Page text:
Pa Alice is completely deaf to the words “help,” “dishes,” and “Get out from in front of the TV.”
We recently heard that eating a meal can affect a person's hearing. After a person has eaten, the sense of hearing is affected, and a person cannot hear as well. Is this true? Why? — P.S. and K.B., San Diego
Can you speak up? I just had a hoagie. Actually, according to Ma Alice, president of Martyrs Anonymous, the threshold of human hearing declines only selectively after a meal. On a scrap of paper in her housecoat pocket, she has data confirming that in the first postprandial hour, Pa Alice is completely deaf to the words “help,” “dishes,” and “Get out from in front of the TV.”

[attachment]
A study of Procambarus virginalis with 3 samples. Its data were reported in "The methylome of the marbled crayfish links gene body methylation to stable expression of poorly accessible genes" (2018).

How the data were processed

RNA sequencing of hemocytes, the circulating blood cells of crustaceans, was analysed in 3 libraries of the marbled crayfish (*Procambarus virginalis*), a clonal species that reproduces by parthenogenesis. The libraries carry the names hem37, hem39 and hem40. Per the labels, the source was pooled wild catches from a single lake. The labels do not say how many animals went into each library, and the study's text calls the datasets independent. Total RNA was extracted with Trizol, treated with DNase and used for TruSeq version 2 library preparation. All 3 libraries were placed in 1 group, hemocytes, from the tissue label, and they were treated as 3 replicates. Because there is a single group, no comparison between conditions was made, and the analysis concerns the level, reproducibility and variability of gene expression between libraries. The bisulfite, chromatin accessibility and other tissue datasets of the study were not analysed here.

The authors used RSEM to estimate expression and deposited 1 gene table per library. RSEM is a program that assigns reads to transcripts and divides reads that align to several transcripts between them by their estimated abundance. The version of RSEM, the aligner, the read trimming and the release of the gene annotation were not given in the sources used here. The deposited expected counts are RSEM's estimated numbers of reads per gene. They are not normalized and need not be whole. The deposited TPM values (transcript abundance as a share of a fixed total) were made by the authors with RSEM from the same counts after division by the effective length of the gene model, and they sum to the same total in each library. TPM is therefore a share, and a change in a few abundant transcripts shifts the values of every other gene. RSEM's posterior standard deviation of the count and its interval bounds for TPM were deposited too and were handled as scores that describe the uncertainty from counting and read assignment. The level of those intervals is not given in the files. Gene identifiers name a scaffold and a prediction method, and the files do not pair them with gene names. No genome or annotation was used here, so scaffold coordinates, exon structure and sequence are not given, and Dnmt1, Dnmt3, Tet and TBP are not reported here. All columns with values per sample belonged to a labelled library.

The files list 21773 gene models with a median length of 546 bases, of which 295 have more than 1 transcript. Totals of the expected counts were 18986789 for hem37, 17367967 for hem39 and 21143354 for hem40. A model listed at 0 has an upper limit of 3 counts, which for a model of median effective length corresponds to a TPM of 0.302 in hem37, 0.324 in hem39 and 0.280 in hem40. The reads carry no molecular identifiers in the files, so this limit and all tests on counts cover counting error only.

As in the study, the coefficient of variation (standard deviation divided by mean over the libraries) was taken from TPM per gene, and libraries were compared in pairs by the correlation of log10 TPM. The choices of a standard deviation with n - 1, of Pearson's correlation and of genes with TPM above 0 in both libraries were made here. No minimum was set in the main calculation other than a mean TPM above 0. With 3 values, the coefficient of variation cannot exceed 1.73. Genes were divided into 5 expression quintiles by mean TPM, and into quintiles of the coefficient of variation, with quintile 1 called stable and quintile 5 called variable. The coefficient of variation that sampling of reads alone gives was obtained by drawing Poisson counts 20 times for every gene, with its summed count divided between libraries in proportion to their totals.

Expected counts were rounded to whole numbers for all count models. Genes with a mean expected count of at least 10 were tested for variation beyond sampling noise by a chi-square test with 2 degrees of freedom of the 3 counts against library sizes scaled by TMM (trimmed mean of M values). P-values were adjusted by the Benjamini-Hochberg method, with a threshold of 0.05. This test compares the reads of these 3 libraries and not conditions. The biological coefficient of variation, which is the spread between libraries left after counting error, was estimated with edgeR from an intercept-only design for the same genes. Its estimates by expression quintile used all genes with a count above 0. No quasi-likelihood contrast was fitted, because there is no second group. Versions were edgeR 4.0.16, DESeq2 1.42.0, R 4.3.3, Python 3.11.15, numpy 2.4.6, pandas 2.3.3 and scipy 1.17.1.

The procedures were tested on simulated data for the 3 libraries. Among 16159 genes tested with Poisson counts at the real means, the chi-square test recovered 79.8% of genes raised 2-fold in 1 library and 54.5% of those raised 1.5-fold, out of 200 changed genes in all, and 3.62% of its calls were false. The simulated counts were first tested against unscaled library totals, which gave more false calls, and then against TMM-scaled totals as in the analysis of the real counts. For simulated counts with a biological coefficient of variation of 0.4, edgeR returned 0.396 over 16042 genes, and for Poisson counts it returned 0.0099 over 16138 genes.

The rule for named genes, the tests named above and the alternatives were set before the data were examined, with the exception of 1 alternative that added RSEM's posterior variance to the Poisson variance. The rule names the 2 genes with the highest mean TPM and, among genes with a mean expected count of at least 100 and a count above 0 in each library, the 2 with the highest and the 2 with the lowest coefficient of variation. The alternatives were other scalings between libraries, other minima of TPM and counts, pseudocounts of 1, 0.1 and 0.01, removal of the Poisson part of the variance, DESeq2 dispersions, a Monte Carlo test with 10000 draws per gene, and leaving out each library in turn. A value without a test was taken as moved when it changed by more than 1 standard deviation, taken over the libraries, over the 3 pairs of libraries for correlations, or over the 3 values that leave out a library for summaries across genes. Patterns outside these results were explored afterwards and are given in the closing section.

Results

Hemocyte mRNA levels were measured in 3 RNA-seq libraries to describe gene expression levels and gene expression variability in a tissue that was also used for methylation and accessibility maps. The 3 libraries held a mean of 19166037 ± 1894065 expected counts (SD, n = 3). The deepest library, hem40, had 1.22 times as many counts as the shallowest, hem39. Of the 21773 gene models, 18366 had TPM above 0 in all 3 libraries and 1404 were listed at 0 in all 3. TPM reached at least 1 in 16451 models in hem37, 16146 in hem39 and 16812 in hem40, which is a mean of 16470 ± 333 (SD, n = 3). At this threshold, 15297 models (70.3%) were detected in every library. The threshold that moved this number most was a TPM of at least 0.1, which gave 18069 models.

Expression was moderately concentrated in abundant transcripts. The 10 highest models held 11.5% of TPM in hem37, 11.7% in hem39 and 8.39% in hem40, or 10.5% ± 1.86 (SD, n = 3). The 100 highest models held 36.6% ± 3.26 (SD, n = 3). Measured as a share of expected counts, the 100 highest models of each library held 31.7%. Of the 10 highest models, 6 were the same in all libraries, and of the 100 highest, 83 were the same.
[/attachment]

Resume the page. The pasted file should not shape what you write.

The Alices aside, I consulted with Dr. Otto Scope, staff quack, renowned diplomate of the American Academy of Diseases of the Rich. He says if you think you heard that eating affects your ears, you have a life-threatening wax buildup. But he can cure that and throw in a cosmetic lobe reduction for a price in the low four figures, if you’ll just step this way. About the only connection between your full stomach and your ears is the fact that digestion diverts some blood temporarily from other body parts. But certainly not enough to affect hearing. Snap, Crackle, and Pop would be on welfare today if we all went deaf at the breakfast table. Perhaps dinner can affect your hearing if you’re a very poor aim with a fork and tend to clog your ears with macaroni and cheese. Or if your rumbling stomach drowns out the dinner guests.